A rash of callers have complained about being put on hold when calling 911 during serious crimes.
It's happened at least four times in recent weeks in Tulsa, and one officer tells us it's the worst he's ever seen it.
Three times it happened during a robbery and once, as men kicked in the door of a house while an 18-year-old woman was home alone.
On Wednesday, a 24-year-old nanny holding a baby came face to face with an armed man inside the home where she works. She says she called 911 and was put on hold, not once, but twice.
A video shows a man who found an open gate at the midtown Tulsa home and walked in a side door at 9:45 a.m. Wednesday.
Three women and two babies were inside, including Whitley, the nanny.
"He's standing there with a mask, all you could see was his eyes and he handed me an envelope that had the note written on it," she said.
The note said he didn't want to hurt anyone, but that he wanted cash and gold.
One of the other women led him to another room to get him cash and Whitley called 911.
"I was calling 911 and it took forever," Whitley said. "I thought I was calling police, but you have to actually be transferred to the actual police department and from there, I was on hold. And, if he wanted to do something, it would've already been done."
He saw her and made her hang up. She says 911 dispatch called back, but she couldn't answer. After he left, she called again.
"Before I even told the story, I was put on hold," she said.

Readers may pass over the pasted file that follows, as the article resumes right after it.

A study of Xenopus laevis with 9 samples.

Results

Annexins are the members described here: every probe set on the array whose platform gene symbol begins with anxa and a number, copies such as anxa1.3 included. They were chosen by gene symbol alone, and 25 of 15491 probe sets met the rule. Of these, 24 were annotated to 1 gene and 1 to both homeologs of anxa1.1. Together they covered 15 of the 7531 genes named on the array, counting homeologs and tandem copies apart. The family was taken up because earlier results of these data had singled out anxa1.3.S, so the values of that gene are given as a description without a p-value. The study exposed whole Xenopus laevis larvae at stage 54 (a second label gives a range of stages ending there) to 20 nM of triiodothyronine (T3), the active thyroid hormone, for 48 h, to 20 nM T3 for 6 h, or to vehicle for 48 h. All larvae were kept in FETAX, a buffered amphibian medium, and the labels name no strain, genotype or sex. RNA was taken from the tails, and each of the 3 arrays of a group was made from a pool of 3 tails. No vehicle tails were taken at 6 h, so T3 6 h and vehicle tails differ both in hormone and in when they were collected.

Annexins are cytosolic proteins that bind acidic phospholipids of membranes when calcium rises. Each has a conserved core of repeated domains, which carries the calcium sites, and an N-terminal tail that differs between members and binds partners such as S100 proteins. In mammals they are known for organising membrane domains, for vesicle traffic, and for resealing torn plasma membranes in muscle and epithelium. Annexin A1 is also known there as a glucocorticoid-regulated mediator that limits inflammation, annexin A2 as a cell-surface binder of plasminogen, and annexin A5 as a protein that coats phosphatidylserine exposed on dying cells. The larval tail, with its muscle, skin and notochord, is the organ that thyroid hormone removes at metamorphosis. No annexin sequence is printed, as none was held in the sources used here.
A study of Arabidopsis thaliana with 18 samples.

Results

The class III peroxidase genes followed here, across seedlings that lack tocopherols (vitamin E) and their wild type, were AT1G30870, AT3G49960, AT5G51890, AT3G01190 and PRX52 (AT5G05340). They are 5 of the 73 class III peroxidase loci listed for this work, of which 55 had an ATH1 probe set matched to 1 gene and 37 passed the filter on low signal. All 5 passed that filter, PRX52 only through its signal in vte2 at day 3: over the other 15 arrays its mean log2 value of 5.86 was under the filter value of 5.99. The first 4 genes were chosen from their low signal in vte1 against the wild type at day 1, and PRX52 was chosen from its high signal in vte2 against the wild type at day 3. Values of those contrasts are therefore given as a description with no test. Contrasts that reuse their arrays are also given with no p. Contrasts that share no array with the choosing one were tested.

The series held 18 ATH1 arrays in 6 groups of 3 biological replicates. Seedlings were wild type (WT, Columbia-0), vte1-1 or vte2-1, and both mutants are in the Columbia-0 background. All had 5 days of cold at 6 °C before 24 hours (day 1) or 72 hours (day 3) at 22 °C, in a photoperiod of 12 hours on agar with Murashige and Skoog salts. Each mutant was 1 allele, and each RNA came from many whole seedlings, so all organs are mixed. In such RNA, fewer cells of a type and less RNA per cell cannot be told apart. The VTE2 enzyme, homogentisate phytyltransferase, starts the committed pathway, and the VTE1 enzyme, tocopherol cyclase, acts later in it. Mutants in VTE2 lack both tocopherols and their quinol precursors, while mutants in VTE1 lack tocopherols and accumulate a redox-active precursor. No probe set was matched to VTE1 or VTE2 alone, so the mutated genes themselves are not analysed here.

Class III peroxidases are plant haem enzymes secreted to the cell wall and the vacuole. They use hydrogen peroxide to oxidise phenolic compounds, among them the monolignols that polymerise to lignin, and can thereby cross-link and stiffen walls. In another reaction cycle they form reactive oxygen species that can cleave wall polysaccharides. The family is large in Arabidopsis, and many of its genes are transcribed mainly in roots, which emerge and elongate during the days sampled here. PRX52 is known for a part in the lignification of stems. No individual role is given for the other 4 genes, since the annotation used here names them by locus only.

Another woman slipped out the back and also called 911 but had the same result.
They are not alone.
Last Saturday, a man who saw robbers go into the Walgreens at 51st Street and Lewis Avenue said he called 911 and was on hold so long, the men left the store and went to an apartment complex.
Police say on June 6, a pharmacist being robbed called 911, but it was never dispatched to officers.
And last month, an 18-year-old girl was home alone when two men kicked in her door. She says she was on hold so long, her father made it there from Sapulpa before police did.
"We share the same frustration as the victim because we want to get there as quickly as possible," TPD Sgt. Brandon Watkins said. "These are extremely dangerous situations."
Tulsa's 911 director said they are way understaffed and that her budget was cut this year by $350,000.
She says she has about 25 percent fewer people working now than in 2005, even though the population has grown and so has crime.
She says only about 50 percent of the police calls are being answered within 10 seconds, which is the national standard.
It's so bad right now, they can't answer the non-emergency calls at all.
When you call 911, the first person who answers only needs to know one thing – if you need police, fire or EMSA. Then, when you get transferred to the right agency, that's when you tell them your story.
The delay for those we talked to is after that transfer.
We'll have a more in-depth look at the 911 budget issues on Friday.